How to study magic books?

A place where beginners can participate, ask questions, and post their views. However, beginners typically ask a lot of questions about sources, tricks, books, and so on. In fact, all magicians are interested (or should be) in the provenance of tricks, ideas, and related matters. This department will service these needs.

Postby Guest » 09/02/06 09:05 PM

Hi all,

I'm interested in hearing how you approach the study of magic books? Do you read the book from cover to cover before you grab your cards, coins, etc? Do you read the "effect" descriptions before you study the method?


Postby Guest » 09/03/06 12:05 AM

Vernon has a good aproach to this. He said he would read the entire book, including the forward, the introduction, all that stuff.

He would do this to get a sense of who the author was and to get an idea of the authors syntax. This would help him in studying the book.

That being said, i dont think there is any good way to study a book apart from understanding what your reading.

I personally read every page of every book i own. I do this out of sheer pleasure. A perfect afternoon for me, is to watch college football followed by a good couple of hours of reading a new book.

I eventually read all of my books cover to cover. Some books i have done this quite a lot. For me its just fun.

Anyways, i hope that helps some.

Postby Guest » 09/03/06 04:15 AM

i think you should read a magic book at least twice, i do. i always have my cards when reading, if i find something i like, i learn it straight away.

Postby Guest » 09/03/06 08:31 AM

Thanks for the feedback. It's interesting how certain authors never include a description of the "effect" and dive right into the methodology instead. Perhaps that's to insure you actually read it. Currently, when provided, I'll read all the "effect" descriptions and then jump around to the "methodology" write-ups of the "effects" that appeal to me.

Perhaps, based on the Vernon advice, I will simply read the book cover to cover first. Even if an "effect description" doesn't interest me, perhaps there is valuable technique advice in the text of that routine that I'm missing.

Postby Guest » 09/03/06 09:33 AM

I think the key to your question is "study". Many of us tend to treat books as a collectors item, while some books may be like this I suggest getting yourself a reading copy as well. Highlight, take notes in the margin, dog ear the corners, remember this book is a tool for you to use. Having done nothing but coins for a long time I am now working with, notice I said working not mearly reading, the Card College series. I did read quite a bit of it before I got started to see how the book was presented and get a feel for the text. Look at the pictures, read any little boxes of information to see what they may reveal. Next I started at Chapter one and read the whole chapeter, then I picked up my cards and worked along with the author, slowly. In a book like these where technique leads to a trick I try and make sure that I am very comfortable with each slight as I go along. The key is too ingest it all slowly so you are sure you understand before you move forward. Eveyone learns in a different manner and has their own time table for working through book. My advise when working with something huge is take your time to enjoy yourself and don't simply force yourself through it. Have fun, that's the whole point anyway. Being a book guy, as one of the earlier posts points out, is feeling comfortable to put aside the rest of the world and enter into a new one all by yourself. You set the rules or the boundries, but most of all enjoy what you are doing. Sometimes your can't get throug a book, that's ok, try another, maybe you will come back to it later or maybe not.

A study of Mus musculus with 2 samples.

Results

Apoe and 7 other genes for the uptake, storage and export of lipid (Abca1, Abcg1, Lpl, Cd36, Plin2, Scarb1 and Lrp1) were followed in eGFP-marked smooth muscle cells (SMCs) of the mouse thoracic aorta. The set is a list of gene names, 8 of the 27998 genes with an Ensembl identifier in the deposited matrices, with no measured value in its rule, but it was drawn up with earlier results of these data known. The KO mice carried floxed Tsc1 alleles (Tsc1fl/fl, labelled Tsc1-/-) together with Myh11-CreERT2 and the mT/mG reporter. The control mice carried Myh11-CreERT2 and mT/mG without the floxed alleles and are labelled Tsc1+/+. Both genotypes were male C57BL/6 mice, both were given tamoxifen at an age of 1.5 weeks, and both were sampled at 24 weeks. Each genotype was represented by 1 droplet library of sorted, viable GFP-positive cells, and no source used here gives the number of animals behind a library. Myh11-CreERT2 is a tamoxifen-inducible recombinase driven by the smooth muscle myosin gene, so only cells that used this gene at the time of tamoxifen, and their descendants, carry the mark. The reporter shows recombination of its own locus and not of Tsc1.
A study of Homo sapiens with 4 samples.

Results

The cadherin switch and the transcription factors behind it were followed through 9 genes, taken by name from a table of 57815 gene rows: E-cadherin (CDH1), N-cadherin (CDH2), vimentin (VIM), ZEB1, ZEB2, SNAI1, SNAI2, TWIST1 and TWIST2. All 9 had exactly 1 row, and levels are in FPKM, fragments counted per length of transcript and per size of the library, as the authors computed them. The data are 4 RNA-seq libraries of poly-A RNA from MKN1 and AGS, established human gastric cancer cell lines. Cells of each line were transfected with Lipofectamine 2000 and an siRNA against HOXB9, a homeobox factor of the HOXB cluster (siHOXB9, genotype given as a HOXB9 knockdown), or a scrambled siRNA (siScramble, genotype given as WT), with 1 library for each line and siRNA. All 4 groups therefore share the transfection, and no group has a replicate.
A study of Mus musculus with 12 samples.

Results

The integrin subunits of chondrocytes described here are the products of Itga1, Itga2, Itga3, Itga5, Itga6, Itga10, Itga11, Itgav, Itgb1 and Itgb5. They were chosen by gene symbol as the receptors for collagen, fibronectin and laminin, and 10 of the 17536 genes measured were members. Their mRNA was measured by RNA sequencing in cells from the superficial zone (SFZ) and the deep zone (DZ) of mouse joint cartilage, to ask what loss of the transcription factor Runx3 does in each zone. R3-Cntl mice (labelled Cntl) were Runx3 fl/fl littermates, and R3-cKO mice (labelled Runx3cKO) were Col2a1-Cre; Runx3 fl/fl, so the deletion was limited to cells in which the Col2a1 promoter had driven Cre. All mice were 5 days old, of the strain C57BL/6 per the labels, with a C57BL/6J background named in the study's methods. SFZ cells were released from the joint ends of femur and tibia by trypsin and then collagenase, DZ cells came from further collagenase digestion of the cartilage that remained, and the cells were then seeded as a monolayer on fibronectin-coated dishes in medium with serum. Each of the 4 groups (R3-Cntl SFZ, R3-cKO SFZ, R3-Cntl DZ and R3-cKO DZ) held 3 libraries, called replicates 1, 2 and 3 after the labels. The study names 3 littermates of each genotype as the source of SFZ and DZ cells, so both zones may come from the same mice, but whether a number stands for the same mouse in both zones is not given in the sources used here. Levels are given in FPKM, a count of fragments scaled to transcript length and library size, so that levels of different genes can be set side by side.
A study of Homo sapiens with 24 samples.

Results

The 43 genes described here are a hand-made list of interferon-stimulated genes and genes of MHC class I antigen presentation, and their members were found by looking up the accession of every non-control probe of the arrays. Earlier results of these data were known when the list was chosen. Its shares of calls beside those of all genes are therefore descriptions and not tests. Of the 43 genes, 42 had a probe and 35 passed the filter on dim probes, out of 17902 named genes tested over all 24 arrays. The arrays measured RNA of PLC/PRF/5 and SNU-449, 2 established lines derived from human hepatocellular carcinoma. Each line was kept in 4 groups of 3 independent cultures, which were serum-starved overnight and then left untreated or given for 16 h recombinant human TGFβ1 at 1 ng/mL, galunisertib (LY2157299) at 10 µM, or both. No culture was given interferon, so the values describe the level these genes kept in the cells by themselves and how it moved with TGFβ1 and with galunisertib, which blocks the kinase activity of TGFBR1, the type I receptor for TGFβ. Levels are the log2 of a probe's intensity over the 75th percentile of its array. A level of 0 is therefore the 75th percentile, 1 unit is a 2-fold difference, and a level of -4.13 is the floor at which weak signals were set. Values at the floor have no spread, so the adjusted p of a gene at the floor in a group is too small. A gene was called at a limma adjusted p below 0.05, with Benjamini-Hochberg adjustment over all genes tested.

Postby Guest » 09/03/06 10:35 AM

Yes, yes, yes!! It's like the ultimate form of escapism. I can enter that world with a book, some props, and everything else goes away. That was an excellent post!! I am also "working" my way through the first Card College book. Giobbi has written it in a very friendly format that makes the study that much more enjoyable. Kaufman and Minch are my other favorite magic authors who make it easy to study their subject's work.